William Cleveland gave a great interview in a recent Policyviz podcast. (Cleveland is a statistician and a major figure in data visualization research; I’ve reviewed his classic book The Elements of Graphic Data before.) He discussed the history of the term “data science,” his visual perception research, statistical computing advances, etc.
But Cleveland also described his work on brushing and on trellis graphics.
- Brushing is an interactive technique for highlighting data points across linked plots. Plot Y vs X1 and Y vs X2; select some points on the first plot; and they are automatically highlighted on the second plot. You can condition on-the-fly on X1 to better understand the multivariate structure between X1, X2, and Y.
- Trellis displays are essentially Cleveland’s version of small multiples, or of faceting in the Grammar of Graphics sense. Again, you condition on one variable and see how it affects the plots of other variables. See for example slides 10 and 15 here.
I found it fascinating that the static trellis technique evolved from interactive brushing, not vice versa!
Cleveland and colleagues noticed that although brushing let you find interesting patterns, it was too difficult to remember and compare them. You only saw one “view” of the linked plots at a time. Trellises would instead allow you to see many slices at once, making simultaneous comparisons easier.
For example, here’s a brushing view of data on housing: rent, size, year it was built, and whether or not it’s in a “good neighborhood” (figures from Interactive Graphics for Data Analysis: Principles and Examples). The user has selected a subset of years and chosen “good” neighborhoods, and now these points are highlighted in the scatterplot of size vs rent.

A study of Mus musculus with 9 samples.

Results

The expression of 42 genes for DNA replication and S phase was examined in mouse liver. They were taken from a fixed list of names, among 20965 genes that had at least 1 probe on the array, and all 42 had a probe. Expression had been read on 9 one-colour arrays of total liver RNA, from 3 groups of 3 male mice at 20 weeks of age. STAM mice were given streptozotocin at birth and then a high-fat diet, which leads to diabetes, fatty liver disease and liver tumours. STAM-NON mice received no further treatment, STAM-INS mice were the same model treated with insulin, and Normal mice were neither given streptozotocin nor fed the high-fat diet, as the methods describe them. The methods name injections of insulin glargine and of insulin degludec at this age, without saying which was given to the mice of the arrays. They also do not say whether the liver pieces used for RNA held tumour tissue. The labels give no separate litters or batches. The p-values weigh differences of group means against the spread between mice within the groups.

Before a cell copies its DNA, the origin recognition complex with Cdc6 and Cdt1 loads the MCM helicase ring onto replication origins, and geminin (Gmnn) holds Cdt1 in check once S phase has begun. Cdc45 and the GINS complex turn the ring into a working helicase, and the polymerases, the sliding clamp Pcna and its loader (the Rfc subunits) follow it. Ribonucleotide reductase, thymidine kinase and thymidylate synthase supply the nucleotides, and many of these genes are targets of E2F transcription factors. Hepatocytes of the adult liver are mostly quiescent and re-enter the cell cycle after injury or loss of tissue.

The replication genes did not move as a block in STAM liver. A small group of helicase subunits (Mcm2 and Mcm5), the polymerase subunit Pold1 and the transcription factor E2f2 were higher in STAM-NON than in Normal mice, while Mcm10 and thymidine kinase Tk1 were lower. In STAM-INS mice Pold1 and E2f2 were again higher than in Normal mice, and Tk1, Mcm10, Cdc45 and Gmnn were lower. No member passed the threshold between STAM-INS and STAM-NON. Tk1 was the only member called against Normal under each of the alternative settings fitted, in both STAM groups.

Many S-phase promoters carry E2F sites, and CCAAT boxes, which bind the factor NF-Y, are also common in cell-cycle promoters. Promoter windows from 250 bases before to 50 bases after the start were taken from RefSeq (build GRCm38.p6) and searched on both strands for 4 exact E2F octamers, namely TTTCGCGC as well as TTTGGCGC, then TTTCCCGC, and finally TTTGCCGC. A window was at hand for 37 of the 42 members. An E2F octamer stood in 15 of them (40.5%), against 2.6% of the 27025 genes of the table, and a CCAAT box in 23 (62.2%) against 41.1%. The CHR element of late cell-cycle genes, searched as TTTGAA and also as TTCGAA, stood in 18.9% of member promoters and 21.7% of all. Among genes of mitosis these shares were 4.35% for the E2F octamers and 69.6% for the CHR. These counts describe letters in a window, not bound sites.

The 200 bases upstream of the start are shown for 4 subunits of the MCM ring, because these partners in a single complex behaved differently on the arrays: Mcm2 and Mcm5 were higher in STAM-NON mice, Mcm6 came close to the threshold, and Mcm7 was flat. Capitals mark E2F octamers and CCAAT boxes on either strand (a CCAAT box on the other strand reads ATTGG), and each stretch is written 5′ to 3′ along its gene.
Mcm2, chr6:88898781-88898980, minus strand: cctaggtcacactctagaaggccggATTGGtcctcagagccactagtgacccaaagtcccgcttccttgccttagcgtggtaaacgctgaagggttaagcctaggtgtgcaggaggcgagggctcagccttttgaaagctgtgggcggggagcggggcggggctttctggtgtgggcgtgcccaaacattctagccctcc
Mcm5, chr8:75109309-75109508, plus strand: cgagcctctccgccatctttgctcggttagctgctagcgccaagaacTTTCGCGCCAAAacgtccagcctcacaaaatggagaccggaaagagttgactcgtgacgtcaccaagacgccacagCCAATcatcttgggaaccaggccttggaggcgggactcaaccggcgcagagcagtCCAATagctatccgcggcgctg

That’s great for finding patterns in one subset at a time, but not ideal for comparing the patterns in different subsets. If you select a different subset of years, you’ll have to memorize the old subset’s scatterplot in order to decide whether it differs much from the new subset’s scatterplot; or switch back and forth between views.
Now look at the trellis display: the rows show whether or not the neighborhood is “good,” the columns show subsets of year, and each scatterplot shows size vs rent within that data subset. All these subsets’ scatterplots are visible at once.
If there were different size-vs-rent patterns across year and neighborhood subsets, we’d be able to spot such an effect easily. I admit I don’t see any such effect—but that’s an interesting finding in its own right, and easier to confirm here than with brushing’s one-view-at-a-time.
So the shinier, fancier, interactive graphic is not uniformly better than a careful redesign of the old static one. Good to remember.